A year after the wild and unexpected success of 1999’s The Blair Witch Project, audiences snubbed one of the most unfairly maligned sequels in movie history: Book of Shadows: Blair Witch 2. Instead of following the original’s found-footage format, Book of Shadows’ opening disclaimer notes that the film we are about to see is a dramatization of violent crimes that were inspired by The Blair Witch Project roughly a year after it first came out. The meta is extremely strong with this one, even becoming sub-meta as the reenactment dramatizes elements of the reenactment itself.
Book of Shadows follows local Burkittsville tour guide Jeff (Jeffrey Donovan) on his inaugural Blair Witch Hunt—a name itself that ends up becoming a double entendre. He leads guests Erica (Erica Leerhsen) the Wiccan, competing Blair Witch historians Tristen (Tristine Skyler) and Stephen (Stephen Ryan Parker), and goth Blair Witch Project enthusiast Kim (Kim Director) on a jaunt into the haunted Black Hills of Maryland. Was it mass hysteria or actual supernatural possession that leads the group to collectively and individually slaughter eight people over the course of just two days? Cobbling together traditional narrative storytelling, found footage elements, and VHS and digital recordings made by characters along the way, Book of Shadows is a masterful mixed-media collage that has aged particularly well in the sometimes harsh light of high-definition TVs.
Drawing heavily from the many mythologies presented in The Blair Witch Project about the witch herself, the serial killer Rustin Parr, and an unnamed dark entity said to be a force of evil in the woods, Book of Shadows deep dives into the stories while also presenting social commentary that has only gained relevance over the years. In Book of Shadows we see the Blair Witch craze amplified online, bringing fanatics from all over America to this small corner of Maryland. But it’s not until the events of Jeff and his tour group that the online hoaxes promoting the Blair Witch turn deadly. When I heard about the Slenderman Murders, the first thing I thought of was Book of Shadows, where the internet also helped fuel a mythology so convincing that it would lead to real life murder and violence.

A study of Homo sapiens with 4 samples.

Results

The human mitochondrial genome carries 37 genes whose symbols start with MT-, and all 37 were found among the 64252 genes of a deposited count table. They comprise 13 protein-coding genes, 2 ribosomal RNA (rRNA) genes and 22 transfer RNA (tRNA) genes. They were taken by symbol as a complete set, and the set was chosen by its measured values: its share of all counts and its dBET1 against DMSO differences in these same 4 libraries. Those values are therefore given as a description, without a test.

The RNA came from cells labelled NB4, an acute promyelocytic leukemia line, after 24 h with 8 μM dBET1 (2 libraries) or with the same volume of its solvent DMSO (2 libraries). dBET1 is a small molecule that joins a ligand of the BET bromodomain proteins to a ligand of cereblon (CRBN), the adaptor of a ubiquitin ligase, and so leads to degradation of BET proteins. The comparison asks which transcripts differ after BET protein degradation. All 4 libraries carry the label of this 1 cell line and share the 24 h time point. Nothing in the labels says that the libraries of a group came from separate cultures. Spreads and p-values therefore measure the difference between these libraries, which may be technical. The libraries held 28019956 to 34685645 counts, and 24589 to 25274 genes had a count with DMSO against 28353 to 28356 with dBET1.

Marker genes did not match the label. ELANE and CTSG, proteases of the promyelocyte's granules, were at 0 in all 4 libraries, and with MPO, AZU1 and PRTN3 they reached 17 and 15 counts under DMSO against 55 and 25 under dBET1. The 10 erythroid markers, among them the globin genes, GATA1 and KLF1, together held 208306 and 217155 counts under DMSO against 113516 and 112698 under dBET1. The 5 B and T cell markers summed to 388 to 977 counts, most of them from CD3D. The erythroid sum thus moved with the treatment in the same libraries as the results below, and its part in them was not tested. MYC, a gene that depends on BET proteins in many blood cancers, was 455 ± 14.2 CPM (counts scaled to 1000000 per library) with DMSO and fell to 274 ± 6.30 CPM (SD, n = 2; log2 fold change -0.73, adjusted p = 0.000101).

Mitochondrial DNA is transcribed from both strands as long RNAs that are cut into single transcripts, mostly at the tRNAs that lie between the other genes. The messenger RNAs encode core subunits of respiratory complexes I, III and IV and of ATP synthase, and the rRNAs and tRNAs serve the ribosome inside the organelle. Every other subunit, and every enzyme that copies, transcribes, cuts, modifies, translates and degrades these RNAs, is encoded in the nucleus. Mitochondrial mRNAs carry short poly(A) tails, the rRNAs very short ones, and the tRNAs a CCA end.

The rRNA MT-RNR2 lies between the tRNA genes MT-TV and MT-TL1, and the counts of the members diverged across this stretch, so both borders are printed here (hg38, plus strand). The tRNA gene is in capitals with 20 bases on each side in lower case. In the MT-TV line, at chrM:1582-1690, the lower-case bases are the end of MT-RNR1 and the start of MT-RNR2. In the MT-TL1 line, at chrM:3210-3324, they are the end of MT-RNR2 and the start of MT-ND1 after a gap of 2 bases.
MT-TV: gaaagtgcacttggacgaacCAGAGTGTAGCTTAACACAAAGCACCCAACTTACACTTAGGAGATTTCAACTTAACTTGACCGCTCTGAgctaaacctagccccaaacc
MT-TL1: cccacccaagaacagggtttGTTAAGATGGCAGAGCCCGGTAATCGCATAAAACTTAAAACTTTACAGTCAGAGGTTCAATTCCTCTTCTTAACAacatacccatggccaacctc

But when Book of Shadows came out 20 years ago, we didn’t have so many examples of the kind of group hysteria fueled online that has led to some vicious real-life crimes – most recently when Kyle Rittenhouse travelled across state borders to kill Black Lives Matter protesters or the plot to kidnap and murder Michigan Governor Gretchen Whitmer and her family. QAnon and the Blair Witch, in these contexts, have a lot in common: both are based on fictions that still managed to inspire violence. In QAnon’s case, the violence is very real and very dangerous; in Book of Shadows, the fictional violence serves as a cautionary tale of the dangers of conspiracy-minded thinking and the collective psychosis that can follow.
Many of Book of Shadows’s critics insisted it was completely unrealistic to think that the internet could inspire this level of brutality and inhumanity. But now the film seems to predict our current reality in an era of “fake news” rhetoric that has critical thinkers doubting what is real, while others would inject themselves with bleach if a certain person told them it was a cure. Before the violence escalates in Book of Shadows, Tristen says to Stephen, “Stories like this happen because they exist in a place of truth. … Because if people believe something enough, isn’t it real? Perception is reality.” Tristen was talking about the myth of the Blair Witch, but two decades later her theory inadvertently highlights how her own story on screen predicted the proliferation of internet-inspired violence that is now a part of our daily social and cultural reality.
On its twentieth birthday, Book of Shadows: Blair Witch 2 is a dire warning of what happens when we blur the line between fiction and reality too far. In 2000 Book of Shadows seemed over the top; in 2020 the harrowing events in the movie actually feel more like a documentary than The Blair Witch Project itself.